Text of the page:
What is the equivalent of
xfce4-terminal -e bash -c 'myCommand' that doesn't start a new process with the terminal, but that still opens a new terminal window for the output (which will also need to take input)? I want the original terminal (which isn't visible, anyway) to halt until the new visible one is done.
Let's say I have a Python GUI that calls the aforementioned command. I want the Python script to halt while the newly opened terminal window runs its command, and to continue after it stops.
EDIT: In response to requests for more information about my situation, here it is, more specifically:
I've made an IDE, using Python 3.x, with Tkinter as the GUI. There is no terminal window open simply because it's a GUI-based program (and if there were, it would be in the background, anyway, and no one would have a particular reason to know to look and see whether it was saying anything, since the whole IDE is in a GUI).
I'm making an option to asymmetrically encrypt selected text using the gpg command-line tool (which is more convenient and documented than the Python modules for my other more prominent uses of it, which are beyond the scope of this question; plus there aren't as many licensing issues with using compiled binaries). For symmetric encryption, I don't have a problem because I don't need an open terminal window, but asymmetric encryption tends to prompt for more stuff that may or may not be important, and the user needs to respond to those prompts.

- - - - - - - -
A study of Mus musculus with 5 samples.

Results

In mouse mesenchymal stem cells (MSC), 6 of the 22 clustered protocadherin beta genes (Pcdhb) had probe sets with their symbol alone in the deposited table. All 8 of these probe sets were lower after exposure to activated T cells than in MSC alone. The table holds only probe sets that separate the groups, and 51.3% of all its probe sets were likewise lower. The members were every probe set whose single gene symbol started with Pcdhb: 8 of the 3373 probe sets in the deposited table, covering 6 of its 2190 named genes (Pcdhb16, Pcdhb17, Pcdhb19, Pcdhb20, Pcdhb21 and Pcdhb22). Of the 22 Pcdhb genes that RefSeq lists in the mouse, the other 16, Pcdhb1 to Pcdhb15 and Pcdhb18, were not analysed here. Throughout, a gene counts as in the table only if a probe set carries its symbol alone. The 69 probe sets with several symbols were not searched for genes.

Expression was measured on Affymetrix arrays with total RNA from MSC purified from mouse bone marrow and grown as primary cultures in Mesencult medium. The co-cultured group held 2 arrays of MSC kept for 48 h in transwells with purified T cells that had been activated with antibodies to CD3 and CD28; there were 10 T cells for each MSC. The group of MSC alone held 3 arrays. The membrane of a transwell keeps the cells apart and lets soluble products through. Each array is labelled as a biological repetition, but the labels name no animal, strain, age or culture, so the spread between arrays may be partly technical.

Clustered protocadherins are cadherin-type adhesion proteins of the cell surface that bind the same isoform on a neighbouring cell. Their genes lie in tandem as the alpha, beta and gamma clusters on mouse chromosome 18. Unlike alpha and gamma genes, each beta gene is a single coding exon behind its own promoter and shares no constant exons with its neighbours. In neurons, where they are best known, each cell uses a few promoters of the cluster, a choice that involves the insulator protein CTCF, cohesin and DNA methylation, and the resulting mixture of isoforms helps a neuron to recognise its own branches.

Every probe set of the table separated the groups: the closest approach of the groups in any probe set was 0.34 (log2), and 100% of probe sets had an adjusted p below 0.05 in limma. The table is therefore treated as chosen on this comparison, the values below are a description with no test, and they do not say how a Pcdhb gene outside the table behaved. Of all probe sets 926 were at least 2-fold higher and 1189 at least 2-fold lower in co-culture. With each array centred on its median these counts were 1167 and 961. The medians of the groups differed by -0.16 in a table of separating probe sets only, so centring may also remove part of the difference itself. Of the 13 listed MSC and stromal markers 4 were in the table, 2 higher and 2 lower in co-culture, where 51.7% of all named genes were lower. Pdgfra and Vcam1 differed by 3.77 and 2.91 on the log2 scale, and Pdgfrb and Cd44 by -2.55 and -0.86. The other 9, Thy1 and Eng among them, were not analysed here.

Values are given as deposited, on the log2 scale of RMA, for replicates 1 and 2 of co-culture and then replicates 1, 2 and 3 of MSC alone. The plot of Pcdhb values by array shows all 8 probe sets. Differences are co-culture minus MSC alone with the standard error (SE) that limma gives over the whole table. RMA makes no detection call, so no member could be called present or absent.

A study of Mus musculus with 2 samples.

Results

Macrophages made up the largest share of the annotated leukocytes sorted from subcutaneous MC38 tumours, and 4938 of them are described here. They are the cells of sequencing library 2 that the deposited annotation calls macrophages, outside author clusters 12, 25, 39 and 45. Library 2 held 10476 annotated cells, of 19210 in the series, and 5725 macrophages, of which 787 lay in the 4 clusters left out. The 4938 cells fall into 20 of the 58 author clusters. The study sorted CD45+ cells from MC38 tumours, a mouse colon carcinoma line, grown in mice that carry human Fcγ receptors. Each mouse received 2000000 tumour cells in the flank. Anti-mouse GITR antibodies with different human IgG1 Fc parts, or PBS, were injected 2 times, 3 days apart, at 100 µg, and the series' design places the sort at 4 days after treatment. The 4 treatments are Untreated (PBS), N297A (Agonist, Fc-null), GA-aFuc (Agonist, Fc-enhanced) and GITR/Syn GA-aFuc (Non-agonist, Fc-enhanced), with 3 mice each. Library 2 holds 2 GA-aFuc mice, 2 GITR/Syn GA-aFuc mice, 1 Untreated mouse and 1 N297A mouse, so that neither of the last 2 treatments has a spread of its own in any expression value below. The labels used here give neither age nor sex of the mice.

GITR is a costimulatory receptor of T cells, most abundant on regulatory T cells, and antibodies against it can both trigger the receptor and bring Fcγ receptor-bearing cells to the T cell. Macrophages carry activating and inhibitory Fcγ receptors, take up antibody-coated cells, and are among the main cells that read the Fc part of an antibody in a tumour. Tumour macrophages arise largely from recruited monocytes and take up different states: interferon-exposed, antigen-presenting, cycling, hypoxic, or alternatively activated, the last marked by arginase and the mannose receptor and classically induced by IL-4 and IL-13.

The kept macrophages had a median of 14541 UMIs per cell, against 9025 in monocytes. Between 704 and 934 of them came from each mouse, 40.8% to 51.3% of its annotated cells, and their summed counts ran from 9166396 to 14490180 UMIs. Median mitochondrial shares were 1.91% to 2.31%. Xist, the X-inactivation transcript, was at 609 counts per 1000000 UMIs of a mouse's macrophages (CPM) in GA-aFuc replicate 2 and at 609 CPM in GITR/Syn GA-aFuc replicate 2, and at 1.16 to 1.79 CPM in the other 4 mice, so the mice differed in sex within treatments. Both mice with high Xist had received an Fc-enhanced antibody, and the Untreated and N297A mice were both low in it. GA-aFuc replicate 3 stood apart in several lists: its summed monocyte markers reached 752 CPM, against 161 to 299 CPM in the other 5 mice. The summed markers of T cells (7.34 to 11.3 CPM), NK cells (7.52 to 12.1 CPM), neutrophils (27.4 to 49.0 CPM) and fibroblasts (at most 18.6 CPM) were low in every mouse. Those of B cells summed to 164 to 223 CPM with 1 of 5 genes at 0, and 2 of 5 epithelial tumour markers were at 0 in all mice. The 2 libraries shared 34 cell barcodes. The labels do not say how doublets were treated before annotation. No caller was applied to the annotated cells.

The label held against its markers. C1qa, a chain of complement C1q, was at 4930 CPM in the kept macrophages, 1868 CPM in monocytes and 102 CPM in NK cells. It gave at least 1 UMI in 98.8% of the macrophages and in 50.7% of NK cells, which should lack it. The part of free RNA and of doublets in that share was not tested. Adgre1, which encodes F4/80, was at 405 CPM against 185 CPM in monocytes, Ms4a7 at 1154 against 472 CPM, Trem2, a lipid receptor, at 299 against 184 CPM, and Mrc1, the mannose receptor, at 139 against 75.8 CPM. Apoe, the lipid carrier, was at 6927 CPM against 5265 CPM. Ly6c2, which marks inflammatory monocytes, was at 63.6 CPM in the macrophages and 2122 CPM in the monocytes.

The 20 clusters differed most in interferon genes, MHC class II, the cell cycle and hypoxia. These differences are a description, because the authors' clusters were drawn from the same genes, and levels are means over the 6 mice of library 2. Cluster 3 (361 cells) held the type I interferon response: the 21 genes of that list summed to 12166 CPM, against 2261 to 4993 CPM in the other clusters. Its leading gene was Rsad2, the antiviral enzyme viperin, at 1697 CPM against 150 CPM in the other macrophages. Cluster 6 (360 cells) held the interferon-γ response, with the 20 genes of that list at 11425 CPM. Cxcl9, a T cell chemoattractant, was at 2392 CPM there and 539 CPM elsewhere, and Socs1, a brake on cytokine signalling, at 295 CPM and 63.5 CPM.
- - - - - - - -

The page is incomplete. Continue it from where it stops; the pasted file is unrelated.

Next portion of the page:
The text to be encrypted is saved to a temporary file, and gpg is to encrypt the whole file (since the text may be arbitrarily long and that might cause problems if it were outputted to a terminal instead of saved to a file).
So, when the user selects text and executes the method, I want a terminal window to pop up with the prompt from gpg. Ideally, the user would say yes or no, and press enter, and the terminal window would disappear; then the selected text would be replaced with asymmetrically encrypted text. However, what actually happens is the terminal window pops up and the program attempts to get the encrypted text before it's actually encrypted (because it doesn't wait for the user to input anything). I do not want the user to have to manually tell the IDE that it's time to encrypt it after saying yes or no.
You might think you could use pipes to route GUI-based user input to the hidden terminal. However, such as
y | gpg -a --encrypt --recipient email@example.com tempFile.txt does not work for some odd reason.